What is the influence of political ideology on the evolution of housing policy about homelessness?
Finland is the only EU country in which homelessness continues to decrease despite the economic recession. In Finland since 1945 no single party has ever held an absolute parliamentary majority, so all cabinet or governmental decisions involve coalitions. Currently, there is a three-party coalition governing the country.
Applying the Housing First model is a continuous process, and the work changes all the time. The model will face a variety of challenges in Finland in the future. Perhaps the biggest challenge is the government’s social services and health care reform, which has been in the cards for years and this might change their ideology not through choice but for financial reasons. Housing First has financial benefits regarding saving money regarding the services needed by one person; the savings can be up to 9,600 euros a year when compared to the costs that would result from that person being homeless. Additionally, housing one long-term homeless person saves about 15,000 euros of society’s funds per year. It may be this factor that may be the catalyst that encourages political parties to continue with the evolution of homelessness strategies.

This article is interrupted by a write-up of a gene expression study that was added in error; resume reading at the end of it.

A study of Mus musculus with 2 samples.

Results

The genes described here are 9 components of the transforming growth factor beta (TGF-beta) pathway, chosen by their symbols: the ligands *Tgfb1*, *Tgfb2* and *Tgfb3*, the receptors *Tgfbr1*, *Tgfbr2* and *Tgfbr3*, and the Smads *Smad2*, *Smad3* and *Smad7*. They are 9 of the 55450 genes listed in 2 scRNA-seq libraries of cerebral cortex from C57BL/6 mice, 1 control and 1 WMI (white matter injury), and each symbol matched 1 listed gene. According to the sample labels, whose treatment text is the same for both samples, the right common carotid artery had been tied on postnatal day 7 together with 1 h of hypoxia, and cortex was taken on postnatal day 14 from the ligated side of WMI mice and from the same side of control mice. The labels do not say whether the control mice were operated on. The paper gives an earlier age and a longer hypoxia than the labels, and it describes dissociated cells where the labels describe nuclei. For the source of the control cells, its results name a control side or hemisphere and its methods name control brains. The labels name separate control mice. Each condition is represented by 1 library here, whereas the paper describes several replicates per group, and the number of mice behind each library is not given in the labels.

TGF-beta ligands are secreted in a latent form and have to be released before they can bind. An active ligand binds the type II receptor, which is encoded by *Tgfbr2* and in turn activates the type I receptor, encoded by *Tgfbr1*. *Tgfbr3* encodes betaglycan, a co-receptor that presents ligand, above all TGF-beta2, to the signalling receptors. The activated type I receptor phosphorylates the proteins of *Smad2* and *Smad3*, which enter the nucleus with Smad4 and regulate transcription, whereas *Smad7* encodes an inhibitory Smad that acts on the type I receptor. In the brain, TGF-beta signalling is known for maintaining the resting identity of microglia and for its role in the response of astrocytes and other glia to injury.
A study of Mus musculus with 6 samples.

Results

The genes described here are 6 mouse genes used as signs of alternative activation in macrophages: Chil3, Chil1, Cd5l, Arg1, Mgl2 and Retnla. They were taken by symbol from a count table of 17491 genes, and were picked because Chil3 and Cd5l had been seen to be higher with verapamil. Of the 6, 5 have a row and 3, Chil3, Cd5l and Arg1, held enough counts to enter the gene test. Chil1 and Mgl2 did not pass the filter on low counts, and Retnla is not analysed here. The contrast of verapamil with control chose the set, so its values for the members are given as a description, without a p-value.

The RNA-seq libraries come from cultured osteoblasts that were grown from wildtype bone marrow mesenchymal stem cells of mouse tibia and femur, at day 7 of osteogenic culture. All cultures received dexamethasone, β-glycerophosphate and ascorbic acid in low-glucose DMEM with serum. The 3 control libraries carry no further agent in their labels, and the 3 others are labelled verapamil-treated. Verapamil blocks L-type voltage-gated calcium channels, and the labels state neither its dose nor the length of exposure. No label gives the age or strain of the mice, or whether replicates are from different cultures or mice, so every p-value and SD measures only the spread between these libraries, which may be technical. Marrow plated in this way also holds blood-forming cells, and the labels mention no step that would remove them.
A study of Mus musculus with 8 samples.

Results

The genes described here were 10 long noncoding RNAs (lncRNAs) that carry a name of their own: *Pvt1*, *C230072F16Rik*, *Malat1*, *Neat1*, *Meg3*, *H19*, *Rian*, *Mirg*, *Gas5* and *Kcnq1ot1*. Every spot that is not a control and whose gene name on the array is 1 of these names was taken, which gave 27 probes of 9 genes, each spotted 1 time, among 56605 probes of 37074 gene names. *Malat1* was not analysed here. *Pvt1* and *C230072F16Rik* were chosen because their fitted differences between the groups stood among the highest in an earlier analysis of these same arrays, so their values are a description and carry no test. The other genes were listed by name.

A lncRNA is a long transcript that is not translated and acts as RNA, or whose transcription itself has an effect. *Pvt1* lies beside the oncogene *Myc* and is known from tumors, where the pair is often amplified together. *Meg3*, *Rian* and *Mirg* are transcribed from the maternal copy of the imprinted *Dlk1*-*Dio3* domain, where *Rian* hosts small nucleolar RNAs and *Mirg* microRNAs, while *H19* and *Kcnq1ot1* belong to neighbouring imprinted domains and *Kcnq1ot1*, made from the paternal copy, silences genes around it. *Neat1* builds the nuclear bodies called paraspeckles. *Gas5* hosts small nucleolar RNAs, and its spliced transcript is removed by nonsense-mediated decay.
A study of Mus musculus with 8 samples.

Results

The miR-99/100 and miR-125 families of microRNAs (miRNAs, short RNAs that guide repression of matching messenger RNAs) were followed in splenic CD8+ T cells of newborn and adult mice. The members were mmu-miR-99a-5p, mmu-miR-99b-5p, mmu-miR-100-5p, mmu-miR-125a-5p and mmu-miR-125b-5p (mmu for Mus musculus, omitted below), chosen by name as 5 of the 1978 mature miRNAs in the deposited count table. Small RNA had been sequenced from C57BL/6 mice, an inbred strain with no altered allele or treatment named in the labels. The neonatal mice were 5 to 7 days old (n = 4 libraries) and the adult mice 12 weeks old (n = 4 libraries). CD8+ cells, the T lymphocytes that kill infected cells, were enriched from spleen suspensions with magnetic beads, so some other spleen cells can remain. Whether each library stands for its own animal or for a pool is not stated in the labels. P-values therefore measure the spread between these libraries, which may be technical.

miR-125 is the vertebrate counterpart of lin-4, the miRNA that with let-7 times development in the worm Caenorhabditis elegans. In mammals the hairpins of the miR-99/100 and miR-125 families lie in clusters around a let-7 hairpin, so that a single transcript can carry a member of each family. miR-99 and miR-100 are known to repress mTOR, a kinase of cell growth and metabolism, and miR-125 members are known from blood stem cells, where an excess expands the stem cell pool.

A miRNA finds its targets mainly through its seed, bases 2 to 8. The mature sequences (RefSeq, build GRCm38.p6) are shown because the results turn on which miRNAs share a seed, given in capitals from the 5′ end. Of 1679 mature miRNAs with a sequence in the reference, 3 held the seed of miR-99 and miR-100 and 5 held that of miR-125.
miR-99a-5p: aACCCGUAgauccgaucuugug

In Scotland, the Scottish National Party which has been in power for ten years have been criticised by homelessness, housing and anti-poverty groups who have called for “real and urgent” action to better tackle and prevent the “human tragedy” of homelessness in Scotland. In an open letter to cabinet secretary for communities, social security and equalities, Angela Constance, twelve of Scotland leading civil society groups said they “profoundly concerned” by the current lack of political leadership and urgency about tackling the issue, there is also concern that there isn’t a national homelessness strategy.